I had the feeling that Steve didn’t believe me. But I had no idea he would go behind my back to try to prove me wrong.
It was the spring of 1999. Steve had recently been hired by my client to write an investment newsletter. He had the qualifications: an MBA and Ph.D. from good schools, experience both in the front and back rooms of brokerages. But he didn’t want to sell stocks. He wanted to write about them.
When I saw his first effort I was impressed. The analysis was sound. The research was deep. There was only one problem. His writing was terrible.
It wasn’t sloppy or illogical or even ungrammatical. But it was incomprehensible. It read like a treatise. It was the kind of writing that you might get away with in academia but could never pull off in the real world.
I called him into my office and told him about my secret antidote for writing like his: the Flesch-Kincaid Readability Test. The FK is a computerized tool that looks at the length of your sentences, how many syllables there are in each word, and other data. It then rates the entire piece in terms of reading ease. A rating of 5.0 or below is very easy to read. A rating of 10.0 or above is very difficult to read. A score between 5.0 and 10.0 is what you’ll find in most newspapers and magazines.
I explained to Steve that my goal is to keep my writing – no matter how complicated the ideas I’m trying to express – at 7.5 or below.
Then we analyzed Steve’s writing. It had an FK of 12.0. Almost off the chart.
“You won’t get a big audience with such a high FK score,” I said. “You have to work on simplifying your writing. Get your FK down to 7.5. You’ll be a better writer, have more readers, and make more money.”
He thanked me for the advice. But, as I said, I could tell he didn’t believe me. What I didn’t find out until years later was that he spent almost two months trying to disprove what I’d told him.
Steve used his analytical skills to put my theory to the test. First, he rated all of my client’s other writers in terms of how successful they were. He considered two things: how many subscribers they had and the percentage of those subscribers who renewed. Then he took samples of each writer’s work and ran them through the FK filter. What he found astonished him. There was an exact inverse correlation between how successful they were and their FK scores. The more successful the writer, the lower his FK.
“In graduate school, I was taught that truth is complicated,” Steve told me recently. “But this truth was simplicity in itself. If I wanted to become a more successful writer, all I had to do was lower my FK scores.”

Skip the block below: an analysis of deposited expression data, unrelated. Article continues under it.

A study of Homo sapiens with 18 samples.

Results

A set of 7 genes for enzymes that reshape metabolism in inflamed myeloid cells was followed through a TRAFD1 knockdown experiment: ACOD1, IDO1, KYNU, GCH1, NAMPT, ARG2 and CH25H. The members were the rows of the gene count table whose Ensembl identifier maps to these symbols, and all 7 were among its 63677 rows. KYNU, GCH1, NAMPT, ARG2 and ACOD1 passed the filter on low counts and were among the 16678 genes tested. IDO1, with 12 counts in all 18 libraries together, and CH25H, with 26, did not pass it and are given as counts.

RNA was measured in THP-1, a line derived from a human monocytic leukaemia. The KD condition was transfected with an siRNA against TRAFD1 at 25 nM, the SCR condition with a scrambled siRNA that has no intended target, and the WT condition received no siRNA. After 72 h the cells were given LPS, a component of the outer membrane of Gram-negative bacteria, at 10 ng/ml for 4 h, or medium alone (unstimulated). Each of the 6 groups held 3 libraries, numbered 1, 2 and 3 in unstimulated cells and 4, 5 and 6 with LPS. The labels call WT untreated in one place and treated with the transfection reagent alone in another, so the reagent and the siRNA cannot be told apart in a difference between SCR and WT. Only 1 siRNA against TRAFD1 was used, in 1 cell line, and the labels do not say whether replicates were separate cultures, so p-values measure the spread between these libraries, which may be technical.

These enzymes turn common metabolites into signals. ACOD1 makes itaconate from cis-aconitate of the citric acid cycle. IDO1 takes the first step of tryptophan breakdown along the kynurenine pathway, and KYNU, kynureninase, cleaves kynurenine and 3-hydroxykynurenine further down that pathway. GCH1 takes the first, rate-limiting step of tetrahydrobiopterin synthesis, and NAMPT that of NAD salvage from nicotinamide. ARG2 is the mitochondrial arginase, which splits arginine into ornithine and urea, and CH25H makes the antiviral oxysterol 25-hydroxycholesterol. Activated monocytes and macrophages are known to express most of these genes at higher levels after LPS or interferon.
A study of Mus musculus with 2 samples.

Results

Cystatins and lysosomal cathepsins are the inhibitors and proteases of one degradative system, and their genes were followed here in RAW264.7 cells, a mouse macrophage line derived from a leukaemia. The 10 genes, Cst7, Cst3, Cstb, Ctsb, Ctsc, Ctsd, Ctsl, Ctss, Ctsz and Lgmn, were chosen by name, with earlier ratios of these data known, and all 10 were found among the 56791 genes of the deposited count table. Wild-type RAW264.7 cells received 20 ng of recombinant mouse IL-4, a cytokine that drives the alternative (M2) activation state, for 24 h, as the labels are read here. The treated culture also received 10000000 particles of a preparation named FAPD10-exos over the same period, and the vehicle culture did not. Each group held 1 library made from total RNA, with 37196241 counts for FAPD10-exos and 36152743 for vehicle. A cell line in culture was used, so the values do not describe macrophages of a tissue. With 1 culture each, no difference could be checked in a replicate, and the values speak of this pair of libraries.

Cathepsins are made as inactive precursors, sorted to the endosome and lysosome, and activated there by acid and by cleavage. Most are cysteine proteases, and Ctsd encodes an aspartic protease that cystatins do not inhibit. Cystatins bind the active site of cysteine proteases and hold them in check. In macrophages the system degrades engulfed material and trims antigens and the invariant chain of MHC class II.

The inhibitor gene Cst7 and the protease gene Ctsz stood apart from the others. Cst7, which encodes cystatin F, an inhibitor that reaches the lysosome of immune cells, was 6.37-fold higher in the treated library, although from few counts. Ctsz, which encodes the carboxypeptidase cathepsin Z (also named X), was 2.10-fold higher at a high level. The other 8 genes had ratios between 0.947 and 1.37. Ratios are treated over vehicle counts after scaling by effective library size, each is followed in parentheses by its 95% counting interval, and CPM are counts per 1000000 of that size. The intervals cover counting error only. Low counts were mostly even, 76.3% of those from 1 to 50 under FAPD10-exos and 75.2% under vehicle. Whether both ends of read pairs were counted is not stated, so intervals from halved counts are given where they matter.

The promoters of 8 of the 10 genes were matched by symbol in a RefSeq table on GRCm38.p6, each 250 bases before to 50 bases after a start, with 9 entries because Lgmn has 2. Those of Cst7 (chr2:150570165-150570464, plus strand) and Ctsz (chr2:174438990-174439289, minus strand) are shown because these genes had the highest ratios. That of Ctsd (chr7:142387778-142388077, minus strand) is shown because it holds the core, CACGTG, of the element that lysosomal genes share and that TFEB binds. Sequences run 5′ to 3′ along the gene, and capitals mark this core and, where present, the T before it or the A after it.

So that’s what Steve did. He began to read articles about clarity of expression. He learned to write with an active “voice,” use simple sentence structures, and select simpler words whenever possible.
He gradually reduced the size of his paragraphs and the length of his sentences. And he learned to use adjectives sparingly.
Although I didn’t know what he was doing at the time, I could see that his writing was getting better. Not only was it easier to understand, the ideas seemed to be getting better too.
Flash-forward to today: Steve is without a doubt one of my client’s most successful writers. He has one of the largest readerships of any newsletter writer, enjoys the highest renewal rate I’ve ever seen, and makes a seven-figure income.
Two years ago, I invited Steve to speak to group of young writers at a seminar I was hosting. The topic was “How to Write Well.” Everyone was eager to hear what Steve had to say since he had gone so far so fast. I was too. And when he told them the story I just told you, I wasn’t surprised. He said that the most important thing he ever learned about writing was to lower his FK score.
I’ve been writing for a long time now. I can tell when the words are flowing and when they aren’t. When I’m writing well, my FK is below 7.5. When I’m struggling, it shoots up to 8.5 or 9.0.
Paul Hollingshead, perhaps the most naturally gifted copywriter I ever worked with, doesn’t check his FK score. “I tried to once,” he told me. “But I couldn’t find the program so I gave up.”
But Paul doesn’t have to check his score. Because his writing has always been crystal clear. I recently checked two of his multimillion-dollar sales letter. One had a score of 6.7 and the other a 5.5!
If you haven’t yet gotten the message, let me say this now: The single most powerful thing you can do to become a stronger, more compelling writer is reduce your FK score.
There are many very sound reasons why this works so well.
A new science – called Cognitive Fluency – studies, among other things, the effect of complexity of expression on comprehension and credibility. What researchers have found is that the simpler a statement is the more credibility it has – even if it means exactly the same thing as a more complicated statement.
It appears, the scientists say, that our brains are hardwired to trust simpler things. This makes complete sense, if you think about it. Our primitive ancestors could not have survived unless they’d developed the instinct to be suspicious of things that were unfamiliar and/or incomprehensible.
Memorize the following sentence:
The easier your writing is to read, the more believable your reader will find it.
Point is, simpler writing doesn’t work better just because it is easier to read. It works better because it has more veracity.
Most new writers don’t understand this. Being insecure, they do their best to sound impressive. Rather than eschewing complex sentences and obscure words, they glory in them. Like Steve when he started out, they believe that (to use a vulgar but effective expression) if they can’t dazzle their readers with brilliance, they can at least baffle them with bullshit.
It’s not their fault. They have been mis-educated into believing that complexity is a sign of intelligence. And so they complicate their writing.